Missing or damaged teeth can cause problems while you’re eating, can open you up to the risk of infections, and can ruin your confidence in your smile. Getting these teeth replaced will help with all three of these areas.
You could choose dentures or dental bridges, however, the most effective way of replacing missing teeth is to have dental implants fitted. But, what are dental implants?
Dentists have carried out this popular dental implant process three-million times in the U.S. but what does it actually involve?
In this article, we’ll take a look at when to get dental implants, the various options available, and what you can expect from the procedure.
What Are Dental Implants?
Dental implants replace damaged or missing teeth. The replacement tooth or crown is fixed in place to the jawbone using a small titanium screw.
Dental implants are permanent, they are fixed in place and cannot be taken out. Once in place, they won’t move around.
In comparison to dentures, dental implants give more of a natural appearance. This is because your dental implants will be designed to specifically fit the look and color of your other teeth. They will also fit your mouth perfectly.
Dental impacts reduce the risk of you getting sensitivity or cavities in your neighboring teeth.
The cost of dental implants will vary depending on which type of implant you opt for and how many teeth are being replaced. There are two types of dental implants. These are endosteal and subperiosteal.
What Are Endosteal Dental Implants?
Endosteal implants are the most commonly used. This type of implant has a crown screwed into the jawbone with a titanium screw providing a strong bond.
Because of the way that the implant joins to the jawbone, this is the more effective of the two options.
What Are Subperiosteal Dental Implants?
On occasion, it may not be possible for your dentist to be able to carry out an endosteal implant procedure. Often, this will be due to a lack of suitable healthy jawbone. On these occasions, a subperiosteal implant may be suggested as an option.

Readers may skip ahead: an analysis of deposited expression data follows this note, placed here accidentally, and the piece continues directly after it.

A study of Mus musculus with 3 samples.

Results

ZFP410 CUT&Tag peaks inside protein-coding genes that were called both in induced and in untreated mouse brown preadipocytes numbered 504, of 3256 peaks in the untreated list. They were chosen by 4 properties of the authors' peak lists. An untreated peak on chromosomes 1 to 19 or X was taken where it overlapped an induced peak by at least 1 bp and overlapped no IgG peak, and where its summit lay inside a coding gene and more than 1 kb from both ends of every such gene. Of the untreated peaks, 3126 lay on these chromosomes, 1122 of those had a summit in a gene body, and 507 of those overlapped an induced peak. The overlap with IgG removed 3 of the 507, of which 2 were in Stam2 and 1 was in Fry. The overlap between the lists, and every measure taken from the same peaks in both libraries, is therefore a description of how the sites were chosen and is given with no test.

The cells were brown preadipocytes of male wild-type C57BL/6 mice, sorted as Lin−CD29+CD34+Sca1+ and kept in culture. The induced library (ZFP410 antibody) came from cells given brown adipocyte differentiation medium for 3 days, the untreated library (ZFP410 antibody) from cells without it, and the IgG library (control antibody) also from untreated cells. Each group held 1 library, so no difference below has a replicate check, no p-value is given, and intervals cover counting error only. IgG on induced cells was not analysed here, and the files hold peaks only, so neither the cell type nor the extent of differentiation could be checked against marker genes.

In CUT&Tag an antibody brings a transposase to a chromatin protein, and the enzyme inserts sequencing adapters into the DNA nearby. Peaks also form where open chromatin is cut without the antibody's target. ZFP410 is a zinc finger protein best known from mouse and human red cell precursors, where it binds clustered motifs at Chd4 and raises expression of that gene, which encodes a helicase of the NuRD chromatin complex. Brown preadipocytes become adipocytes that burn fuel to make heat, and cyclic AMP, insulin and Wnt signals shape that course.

This type of dental implant sees the implant affixed above the jaw, rather than into it. Because there is no screw, this is the least effective option.
What Is the Dental Implant Procedure?
If you are having dental implants fitted, the entire procedure could take several months. This first step will be to have any remaining damaged tooth removed.
If your jawbone isn’t thick enough or is too soft, then you may need to have this grafted at this point. It is essential that your jaw is strong enough to withstand the pressure from the implant. While chewing, your jaw comes under greater pressure.
If you need your jawbone grafting, it can take several months for your jaw to become strong enough to take the implant. Once ready, the dentist will cut through the gums and drill into the jawline. Following this, the dentist may fit a temporary denture.
Following this, the dentist will need to wait for your jawbone to grow. This can take several months. Once the jaw is ready, the dentist will fit the abutment. This is the small screw-like piece upon which the crown will attach.
A replacement tooth will be made up using impressions and x-rays of your mouth. Once this is ready, it can be fitted into place.
Who Can Have Dental Implants?
Before deciding whether you can have dental implants, the dentist will need to know about any pre-existing medical issues. They’ll need to know if you have diabetes, an uncontrollable metabolic disease, HIV, AIDS, or osteoporosis.
If you have any type of condition that causes you to grind your teeth, implants will not be suitable for you.
The strength and quantity of your jawbone are also going to have a significant impact on your suitability. If you have insufficient bone, then you may only be eligible for the subperiosteal implants.
The dentist will also need to know whether you are a smoker, and if so. If you’re a heavy smoker, you may not be a suitable candidate for the procedure.
What Are the Risks Associated With Dental Implants?
There are several risks associated with having dental implants. It is essential that you understand these risks as well as how the procedure works. The risks may and complications may include:
- Developing an infection in the gums
- The gum incision re-opening
- The implant shifting position
- Nerve damage causing a loss of feeling
- Exposure of the implant
Following on from your dental implant procedure, your dentist will want to see how they have taken. You may be required to make several repeat visits to check that everything has settled in.
Your experience will vary and the number of teeth that you’re having fitted may impact its success as well as the strength of your jaw and your general wellbeing. Your dentist will be able to talk you through all of the risks to help put your mind at ease.
Which Are the Right Dental Implants for You?
The appearance of your smile can be greatly improved by having dental implants fitted. In addition to this, you’ll be able to eat what you want without fear of discomfort.
Dental implants provide a great quality of life and are the best way of replacing missing or broken teeth. However, before you commit to the procedure it is important you understand what are dental implants and how they are fitted.
It is essential that you talk with your dentist before deciding whether they are right for you.